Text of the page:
The bikes were parked on both sides of the street with a double row down the middle and that’s not counting all the ones parked on the side streets. Thousands of them, for NINE BLOCKS!! The picture above doesn’t even come close to the real thing. According to the Anacortes Oyster Run (Facebook Page), the unofficial attendance numbers are somewhere in the 30,000 range. That’s just people!! So that could mean somewhere in the neighbourhood of 10,000 bikes and ours, were parked right in the centre of it all.
We, J and I and our friend Tank, rolled in to Anacortes on Saturday night on some of the last warm air currents of summer. The Marina Inn was our crash pad for the next two nights but when I booked it back in March, I had to call a few hotels before I found one that had any vacancy for that weekend. Sunday September 25th was the 30th Annual Anacortes Oyster Run. Held in Anacortes, Washington, the Oyster Run was started by a couple of guys who got together to go for a ride and eat some oysters. Over the years it grew and grew until it became the monster it is today. This was the first time for J and I, Tank had been there once before, but all of us were in total amazement at the hardware on display. Of course there were the hundreds (probably thousands) of Harleys but there were also custom choppers, a whole range of Japanese, German, and other European bikes, some pretty fantastic custom paint jobs, vintage restorations and recreations and some tricked out, scooters?
For the most part, the Anacortes Oyster Run doesn’t have any fixed schedule but there were two groups of performers that did a couple of shows. One of which was the Seattle Cossacks Motorcycle Stunt Team. This team has been around since the 1930′s and these boys do amazing stunts on 70 year old motorcycles. No ropes or safety gear, they just do it. And all at low speed! They drew a huge crowd and did some pretty impressive stunts.
Next up was the Northwest Wings Honda Drill Team. Before they even got started, they were trying to get the people sitting on the curbs to back up a little. Just as the announcer said “These motorcycles weigh about 1000 pounds, they will squash you like a bug. So please don’t sit on the curb.” one of the motorcycles caught the underside or the kickstand on the curb, the rider lost control and the bike bounced along the gutter and looked like it hit 3 or 4 people. The paramedics treated someone at the scene and later the rumor we heard was that it was a woman that was treated for a panic attack as a result of the accident but wasn’t actually hit. I didn’t take any pictures of the event. I’m not in to things like that, but it looked like, quite understandably, the rider was pretty shaken up. I tried to find out more details for this chapter but could not confirm anything.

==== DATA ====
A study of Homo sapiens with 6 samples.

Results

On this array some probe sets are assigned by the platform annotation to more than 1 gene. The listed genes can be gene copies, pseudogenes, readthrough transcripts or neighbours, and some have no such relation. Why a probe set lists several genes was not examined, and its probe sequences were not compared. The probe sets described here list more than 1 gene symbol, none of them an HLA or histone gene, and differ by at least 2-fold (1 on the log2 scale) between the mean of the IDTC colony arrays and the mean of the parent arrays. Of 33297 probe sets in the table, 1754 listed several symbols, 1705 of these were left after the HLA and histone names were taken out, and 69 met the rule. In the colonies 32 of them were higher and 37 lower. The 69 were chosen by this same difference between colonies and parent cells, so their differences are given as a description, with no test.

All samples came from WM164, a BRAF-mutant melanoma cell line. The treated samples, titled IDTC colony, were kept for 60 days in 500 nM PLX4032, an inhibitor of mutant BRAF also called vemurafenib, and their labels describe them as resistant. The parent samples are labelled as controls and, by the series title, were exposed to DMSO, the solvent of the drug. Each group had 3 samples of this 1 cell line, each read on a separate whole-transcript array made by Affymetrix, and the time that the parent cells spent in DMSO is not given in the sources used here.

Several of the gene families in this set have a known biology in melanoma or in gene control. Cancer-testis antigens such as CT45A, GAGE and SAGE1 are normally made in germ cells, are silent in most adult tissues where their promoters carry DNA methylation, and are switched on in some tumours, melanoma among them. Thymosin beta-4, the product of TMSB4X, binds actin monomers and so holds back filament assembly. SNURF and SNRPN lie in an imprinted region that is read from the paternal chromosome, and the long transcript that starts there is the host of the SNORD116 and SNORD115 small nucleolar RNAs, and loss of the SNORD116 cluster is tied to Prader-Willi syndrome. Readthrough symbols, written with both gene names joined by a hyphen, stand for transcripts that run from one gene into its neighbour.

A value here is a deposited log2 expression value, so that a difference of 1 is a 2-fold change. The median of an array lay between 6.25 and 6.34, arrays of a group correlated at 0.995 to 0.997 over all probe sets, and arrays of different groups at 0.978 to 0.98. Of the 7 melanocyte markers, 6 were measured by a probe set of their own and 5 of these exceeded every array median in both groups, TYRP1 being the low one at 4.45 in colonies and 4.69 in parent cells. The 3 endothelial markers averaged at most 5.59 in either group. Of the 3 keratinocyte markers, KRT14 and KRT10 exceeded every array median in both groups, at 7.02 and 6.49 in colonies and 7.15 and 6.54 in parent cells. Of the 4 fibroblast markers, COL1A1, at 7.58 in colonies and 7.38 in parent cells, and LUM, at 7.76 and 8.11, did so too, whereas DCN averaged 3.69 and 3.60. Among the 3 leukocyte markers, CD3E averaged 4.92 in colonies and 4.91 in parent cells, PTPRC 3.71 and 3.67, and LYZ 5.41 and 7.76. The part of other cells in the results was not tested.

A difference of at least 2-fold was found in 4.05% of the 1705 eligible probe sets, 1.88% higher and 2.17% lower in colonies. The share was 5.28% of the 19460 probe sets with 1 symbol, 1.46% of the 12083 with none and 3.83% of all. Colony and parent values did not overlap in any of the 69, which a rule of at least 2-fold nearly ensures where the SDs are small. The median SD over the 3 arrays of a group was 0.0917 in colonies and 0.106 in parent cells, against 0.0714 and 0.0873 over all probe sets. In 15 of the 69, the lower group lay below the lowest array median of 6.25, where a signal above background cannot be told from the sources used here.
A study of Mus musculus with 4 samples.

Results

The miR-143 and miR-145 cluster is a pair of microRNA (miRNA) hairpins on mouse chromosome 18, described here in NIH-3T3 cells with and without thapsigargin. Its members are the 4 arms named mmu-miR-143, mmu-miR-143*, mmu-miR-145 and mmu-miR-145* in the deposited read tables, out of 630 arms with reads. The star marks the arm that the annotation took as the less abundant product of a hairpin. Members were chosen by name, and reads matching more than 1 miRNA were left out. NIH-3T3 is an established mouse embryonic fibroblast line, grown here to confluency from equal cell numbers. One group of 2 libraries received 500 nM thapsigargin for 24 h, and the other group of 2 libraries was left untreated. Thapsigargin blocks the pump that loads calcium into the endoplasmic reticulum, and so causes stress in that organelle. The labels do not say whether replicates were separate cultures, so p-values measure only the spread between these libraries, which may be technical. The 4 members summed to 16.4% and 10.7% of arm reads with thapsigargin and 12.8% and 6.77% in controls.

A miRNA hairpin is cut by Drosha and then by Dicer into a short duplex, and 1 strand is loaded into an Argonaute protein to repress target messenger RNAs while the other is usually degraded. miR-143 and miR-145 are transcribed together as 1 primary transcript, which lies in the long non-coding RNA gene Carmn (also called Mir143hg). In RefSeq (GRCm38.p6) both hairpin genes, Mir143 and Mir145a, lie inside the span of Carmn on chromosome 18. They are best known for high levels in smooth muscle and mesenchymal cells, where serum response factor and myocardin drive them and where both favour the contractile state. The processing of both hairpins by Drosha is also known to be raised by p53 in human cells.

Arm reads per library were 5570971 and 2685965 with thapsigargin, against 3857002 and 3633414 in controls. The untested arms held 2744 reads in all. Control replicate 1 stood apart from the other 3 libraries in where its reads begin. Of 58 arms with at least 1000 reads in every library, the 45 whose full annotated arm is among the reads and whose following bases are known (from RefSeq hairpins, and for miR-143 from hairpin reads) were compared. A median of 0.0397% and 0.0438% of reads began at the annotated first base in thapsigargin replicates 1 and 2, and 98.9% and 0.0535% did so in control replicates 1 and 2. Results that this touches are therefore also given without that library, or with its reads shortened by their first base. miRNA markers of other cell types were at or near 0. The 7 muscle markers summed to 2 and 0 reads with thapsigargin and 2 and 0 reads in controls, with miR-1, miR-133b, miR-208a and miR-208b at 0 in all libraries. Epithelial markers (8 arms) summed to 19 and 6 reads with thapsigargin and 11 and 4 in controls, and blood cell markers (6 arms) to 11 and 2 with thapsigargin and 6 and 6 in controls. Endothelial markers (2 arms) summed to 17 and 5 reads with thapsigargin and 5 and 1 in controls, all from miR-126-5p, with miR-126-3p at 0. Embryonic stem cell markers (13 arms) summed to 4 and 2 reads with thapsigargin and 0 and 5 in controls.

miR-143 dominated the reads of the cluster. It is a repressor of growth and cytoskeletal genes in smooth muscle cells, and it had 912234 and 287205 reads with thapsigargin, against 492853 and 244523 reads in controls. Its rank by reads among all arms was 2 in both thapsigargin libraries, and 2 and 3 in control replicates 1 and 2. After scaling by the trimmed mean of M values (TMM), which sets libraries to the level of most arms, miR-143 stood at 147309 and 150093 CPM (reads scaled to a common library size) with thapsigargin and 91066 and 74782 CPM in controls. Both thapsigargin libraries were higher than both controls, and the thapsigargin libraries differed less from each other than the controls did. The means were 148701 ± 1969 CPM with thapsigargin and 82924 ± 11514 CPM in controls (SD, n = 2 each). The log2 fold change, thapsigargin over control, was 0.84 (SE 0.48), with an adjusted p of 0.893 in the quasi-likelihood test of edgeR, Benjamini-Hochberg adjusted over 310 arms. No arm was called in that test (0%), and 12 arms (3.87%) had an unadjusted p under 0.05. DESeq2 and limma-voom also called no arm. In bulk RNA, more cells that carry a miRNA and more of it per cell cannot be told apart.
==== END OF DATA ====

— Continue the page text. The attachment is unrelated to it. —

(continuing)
So after all the excitement, the three of us spent several hours battling the wind, wandering through the booths and bikes, looking at all the schmancy hardware and stuff for sale and sampling the food that was on offer (never did try an oyster
though). The sun came out for a bit and there was quite a bit of blue sky for a while. Then, around 3:30pm the clouds started piling up, big black ones, heavy with rain. We made for our bikes….but before we could get moving, the clouds opened up and dumped their contents on us. So we rode back to the hotel and joined others, watching the slightly soggy bikers leaving town.
We should have left town when we had the chance. It actually stopped raining on Sunday. I can’t say that happened on Monday. As we made our way back home in the pouring rain and howling wind, we ended up smack dab in some of the worst weather that had been seen since last winter. We were so wet that we were dumping out boots FULL of water by the time we got home.
Now because John had to work Saturday we didn’t get a chance to partake in any of the pre event rides. There is no organized big group ride, (the logistics of that boggle the mind) but there are a couple of routes that were taken when the run was a lot smaller. Somewhere in my surfing around I read that Highway 9 was a favorite, so I am including a map of the route we would have taken had it not been for the job and the rain. Along the way are several “Oyster Run” and year round Biker Friendly establishments that are great places to take a break.
Other than attempting to grow gills on the way home, the weekend was lots of fun. We saw some pretty amazing bikes, met some really fun people and had a great time doing it. We will definitely be back next year.